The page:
LegalCrystal Citation
SubjectCivil
CourtKolkata
Decided On
Judge
Reported in(1886)ILR13Cal255
AppellantNaun Singh
RespondentRash Behari Singh and ors.
Excerpt:
valuation of suit - suit for pre-emption--jurisdiction--bengal civil courts act (vi of 1871), section 20. - .....that the value of the property in dispute in this case is not necessarily the value of the subject-matter in dispute. the plaintiff offered to pay rs. 700, the consideration money stated in the conveyance, to the defendant. that amount, at any rate, should be deducted from the value of the property in dispute in order to ascertain the value of the subject-matter in dispute.3. we are of opinion that the subject-matter in dispute in this case is the right of pre-emption which the plaintiff asserts that he has in respect of the property in suit. the question for decision, in order to ascertain whether the munsif had jurisdiction or not, is as laid down in section 20 of the bengal civil courts act (vi of 1871) what is the value of this right? it is not very easy co lay down any general.....
Judgment:

Mitter and Norris, JJ.

1. In this second appeal it has been urged that the defendants-respondents are not entitled to re-open the question of jurisdiction in the Appellate Court, they having not preferred any appeal against the Munsif's decision upon this point. We are of opinion that this contention is not valid. The defendants-respondents were entitled to answer the plaintiff's appeal upon the ground that the Munsif had no, jurisdiction to entertain the suit. We think, therefore, that there is no force in this contention.

2. The second ground that has been urged before us is that the finding of the Subordinate Judge, that the value of the property in dispute is more than Rs. 1,000, does not necessarily lead to the conclusion that the Munsif had no jurisdiction to entertain this suit. It has been contended that the value of the property in dispute in this case is not necessarily the value of the subject-matter in dispute. The plaintiff offered to pay Rs. 700, the consideration money stated in the conveyance, to the defendant. That amount, at any rate, should be deducted from the value of the property in dispute in order to ascertain the value of the subject-matter in dispute.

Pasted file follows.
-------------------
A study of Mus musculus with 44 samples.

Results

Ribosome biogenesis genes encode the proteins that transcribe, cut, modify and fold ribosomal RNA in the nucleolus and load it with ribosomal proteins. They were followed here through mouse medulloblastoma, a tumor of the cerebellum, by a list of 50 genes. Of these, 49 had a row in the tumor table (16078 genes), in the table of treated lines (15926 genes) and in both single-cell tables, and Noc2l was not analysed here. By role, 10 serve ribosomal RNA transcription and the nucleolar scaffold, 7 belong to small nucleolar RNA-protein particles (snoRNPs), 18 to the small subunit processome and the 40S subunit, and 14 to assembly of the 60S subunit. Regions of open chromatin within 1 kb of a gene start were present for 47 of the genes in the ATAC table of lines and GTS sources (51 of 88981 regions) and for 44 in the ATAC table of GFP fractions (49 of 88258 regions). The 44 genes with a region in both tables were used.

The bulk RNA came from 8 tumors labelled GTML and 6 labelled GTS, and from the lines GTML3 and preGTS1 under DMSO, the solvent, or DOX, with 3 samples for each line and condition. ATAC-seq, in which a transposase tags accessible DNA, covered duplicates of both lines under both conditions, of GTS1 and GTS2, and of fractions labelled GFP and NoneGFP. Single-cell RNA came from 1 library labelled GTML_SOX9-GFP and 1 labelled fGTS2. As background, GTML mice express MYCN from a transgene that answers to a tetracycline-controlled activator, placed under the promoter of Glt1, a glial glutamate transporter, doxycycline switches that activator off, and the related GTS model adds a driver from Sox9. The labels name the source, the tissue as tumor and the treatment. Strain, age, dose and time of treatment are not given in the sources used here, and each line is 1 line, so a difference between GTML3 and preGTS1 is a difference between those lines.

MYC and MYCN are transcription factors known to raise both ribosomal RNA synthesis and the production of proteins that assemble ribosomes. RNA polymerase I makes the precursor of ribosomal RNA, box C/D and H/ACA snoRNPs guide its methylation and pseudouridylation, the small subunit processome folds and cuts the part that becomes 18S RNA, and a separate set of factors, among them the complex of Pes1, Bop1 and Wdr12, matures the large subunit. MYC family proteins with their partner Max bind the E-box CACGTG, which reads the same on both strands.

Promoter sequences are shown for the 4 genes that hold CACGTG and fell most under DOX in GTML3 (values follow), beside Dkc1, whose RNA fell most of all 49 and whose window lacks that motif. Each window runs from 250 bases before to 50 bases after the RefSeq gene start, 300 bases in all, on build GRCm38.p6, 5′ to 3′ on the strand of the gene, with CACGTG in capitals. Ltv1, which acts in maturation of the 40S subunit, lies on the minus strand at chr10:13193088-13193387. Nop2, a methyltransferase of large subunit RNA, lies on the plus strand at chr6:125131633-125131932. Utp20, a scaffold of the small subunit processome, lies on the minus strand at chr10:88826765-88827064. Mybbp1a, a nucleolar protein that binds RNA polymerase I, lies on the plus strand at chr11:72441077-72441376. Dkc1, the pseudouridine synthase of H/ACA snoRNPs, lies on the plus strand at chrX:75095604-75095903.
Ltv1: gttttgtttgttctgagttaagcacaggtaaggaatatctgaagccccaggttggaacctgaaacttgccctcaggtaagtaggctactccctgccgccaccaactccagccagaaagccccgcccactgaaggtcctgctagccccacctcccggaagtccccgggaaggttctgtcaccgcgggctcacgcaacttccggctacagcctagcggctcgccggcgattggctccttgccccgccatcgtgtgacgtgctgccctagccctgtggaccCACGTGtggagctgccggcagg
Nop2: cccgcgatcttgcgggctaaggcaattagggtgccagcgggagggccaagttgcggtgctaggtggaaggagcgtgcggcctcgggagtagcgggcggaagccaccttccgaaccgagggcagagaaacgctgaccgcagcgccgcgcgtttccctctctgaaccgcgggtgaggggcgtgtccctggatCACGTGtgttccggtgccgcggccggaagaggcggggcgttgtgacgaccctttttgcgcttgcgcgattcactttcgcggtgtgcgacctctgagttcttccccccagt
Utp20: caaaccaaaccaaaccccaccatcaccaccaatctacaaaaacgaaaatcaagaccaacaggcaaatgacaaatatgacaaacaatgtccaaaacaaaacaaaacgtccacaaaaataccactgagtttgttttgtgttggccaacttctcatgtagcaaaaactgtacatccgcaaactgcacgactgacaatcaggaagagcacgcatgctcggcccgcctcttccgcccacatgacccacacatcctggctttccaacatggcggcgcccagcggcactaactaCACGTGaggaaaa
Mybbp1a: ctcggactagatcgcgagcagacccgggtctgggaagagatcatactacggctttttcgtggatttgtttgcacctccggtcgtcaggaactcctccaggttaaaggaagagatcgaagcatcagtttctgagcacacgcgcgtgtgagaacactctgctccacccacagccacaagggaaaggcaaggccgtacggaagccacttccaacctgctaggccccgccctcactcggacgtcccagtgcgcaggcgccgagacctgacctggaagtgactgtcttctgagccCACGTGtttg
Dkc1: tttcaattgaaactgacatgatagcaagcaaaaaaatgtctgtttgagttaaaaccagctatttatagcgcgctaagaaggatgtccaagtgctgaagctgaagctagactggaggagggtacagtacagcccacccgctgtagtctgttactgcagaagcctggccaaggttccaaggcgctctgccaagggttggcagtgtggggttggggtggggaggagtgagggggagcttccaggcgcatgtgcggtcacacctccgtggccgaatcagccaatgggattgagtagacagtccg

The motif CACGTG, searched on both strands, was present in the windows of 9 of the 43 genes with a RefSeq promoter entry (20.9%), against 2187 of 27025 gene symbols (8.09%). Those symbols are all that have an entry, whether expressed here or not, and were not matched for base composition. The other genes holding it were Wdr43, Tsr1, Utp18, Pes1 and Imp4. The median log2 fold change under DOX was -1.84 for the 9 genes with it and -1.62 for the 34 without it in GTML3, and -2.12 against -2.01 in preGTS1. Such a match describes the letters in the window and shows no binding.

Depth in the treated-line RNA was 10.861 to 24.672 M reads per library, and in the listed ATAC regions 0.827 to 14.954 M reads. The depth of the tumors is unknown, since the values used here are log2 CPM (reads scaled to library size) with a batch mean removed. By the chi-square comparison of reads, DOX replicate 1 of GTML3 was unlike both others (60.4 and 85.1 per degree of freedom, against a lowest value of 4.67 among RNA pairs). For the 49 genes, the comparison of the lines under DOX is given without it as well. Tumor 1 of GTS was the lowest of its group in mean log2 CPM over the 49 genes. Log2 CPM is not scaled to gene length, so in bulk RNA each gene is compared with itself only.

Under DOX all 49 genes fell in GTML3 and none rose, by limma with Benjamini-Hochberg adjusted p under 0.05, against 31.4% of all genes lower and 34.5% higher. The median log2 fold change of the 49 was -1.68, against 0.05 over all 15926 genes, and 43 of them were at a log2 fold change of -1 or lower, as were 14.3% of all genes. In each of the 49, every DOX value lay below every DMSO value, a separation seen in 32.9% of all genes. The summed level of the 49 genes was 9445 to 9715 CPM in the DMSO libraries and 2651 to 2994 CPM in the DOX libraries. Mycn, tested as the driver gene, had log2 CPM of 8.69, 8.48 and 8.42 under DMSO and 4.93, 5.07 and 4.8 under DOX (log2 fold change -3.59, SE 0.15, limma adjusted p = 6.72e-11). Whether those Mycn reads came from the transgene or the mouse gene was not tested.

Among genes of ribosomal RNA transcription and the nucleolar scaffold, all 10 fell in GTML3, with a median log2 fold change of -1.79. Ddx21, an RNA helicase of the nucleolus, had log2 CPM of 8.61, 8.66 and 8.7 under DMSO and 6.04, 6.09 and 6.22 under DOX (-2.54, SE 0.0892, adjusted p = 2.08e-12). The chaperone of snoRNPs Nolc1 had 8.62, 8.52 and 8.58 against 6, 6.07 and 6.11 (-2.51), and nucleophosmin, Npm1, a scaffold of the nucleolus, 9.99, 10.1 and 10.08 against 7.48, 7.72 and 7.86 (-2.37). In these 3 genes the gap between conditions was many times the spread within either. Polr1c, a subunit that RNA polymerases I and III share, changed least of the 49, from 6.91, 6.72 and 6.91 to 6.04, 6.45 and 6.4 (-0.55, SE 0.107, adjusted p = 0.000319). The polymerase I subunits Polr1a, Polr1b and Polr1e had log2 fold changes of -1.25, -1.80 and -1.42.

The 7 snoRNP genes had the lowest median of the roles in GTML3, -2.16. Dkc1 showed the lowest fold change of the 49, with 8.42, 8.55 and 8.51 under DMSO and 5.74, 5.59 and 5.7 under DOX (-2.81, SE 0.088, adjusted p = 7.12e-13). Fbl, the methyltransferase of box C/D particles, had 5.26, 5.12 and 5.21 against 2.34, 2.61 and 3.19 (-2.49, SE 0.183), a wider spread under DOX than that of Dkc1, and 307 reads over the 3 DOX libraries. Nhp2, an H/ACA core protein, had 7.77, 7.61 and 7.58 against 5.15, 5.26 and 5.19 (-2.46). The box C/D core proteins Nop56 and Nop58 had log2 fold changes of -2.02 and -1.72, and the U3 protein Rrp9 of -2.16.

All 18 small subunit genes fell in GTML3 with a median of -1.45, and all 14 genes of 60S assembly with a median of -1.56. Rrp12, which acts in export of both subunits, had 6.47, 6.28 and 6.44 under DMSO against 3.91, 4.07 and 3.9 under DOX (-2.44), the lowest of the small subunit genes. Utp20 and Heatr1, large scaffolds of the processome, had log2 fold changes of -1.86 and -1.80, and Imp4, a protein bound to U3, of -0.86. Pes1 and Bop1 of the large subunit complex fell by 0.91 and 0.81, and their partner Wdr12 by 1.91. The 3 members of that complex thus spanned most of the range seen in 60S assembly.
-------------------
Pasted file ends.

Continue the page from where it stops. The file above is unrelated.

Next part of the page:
3. We are of opinion that the subject-matter in dispute in this case is the right of pre-emption which the plaintiff asserts that he has in respect of the property in suit. The question for decision, in order to ascertain whether the Munsif had jurisdiction or not, is as laid down in Section 20 of the Bengal Civil Courts Act (VI of 1871) what is the value of this right? It is not very easy co lay down any general principle for ascertaining the value of a right of preemption in any given case. But it is clear to us that it is not the value of the property itself. For example, if a plaintiff seeks to recover possession of a property covered by his pottah, and the rent charged upon the property is of considerable amount, the value of the property itself would not be the value of the right which the plaintiff would seek to recover. Therefore, it seems to us that in determining the question whether the value of the subject-matter in dispute in this case is above Rs. 1,000, the lower Appellate Court has proceeded upon an erroneous principle. As already remarked, it is not possible to lay down any hard and fast rule for measuring the value of a right of pre-emption in any particular case. But the lower Appellate Court in this case, for reasons already given, was not right in measuring it by the value of the property itself without taking into consideration the fact that the plaintiff has offered to pay to the defendant Rs. 700, and would be bound to make the payment before he could succeed.

4. It has not been shown, therefore, that the Munsif was in error in holding that he had jurisdiction to entertain the suit. That being so, the Subordinate Judge's judgment cannot stand. We, therefore, reverse that judgment and send back this case to that Court to decide the appeal on the merits. Costs will abide the result.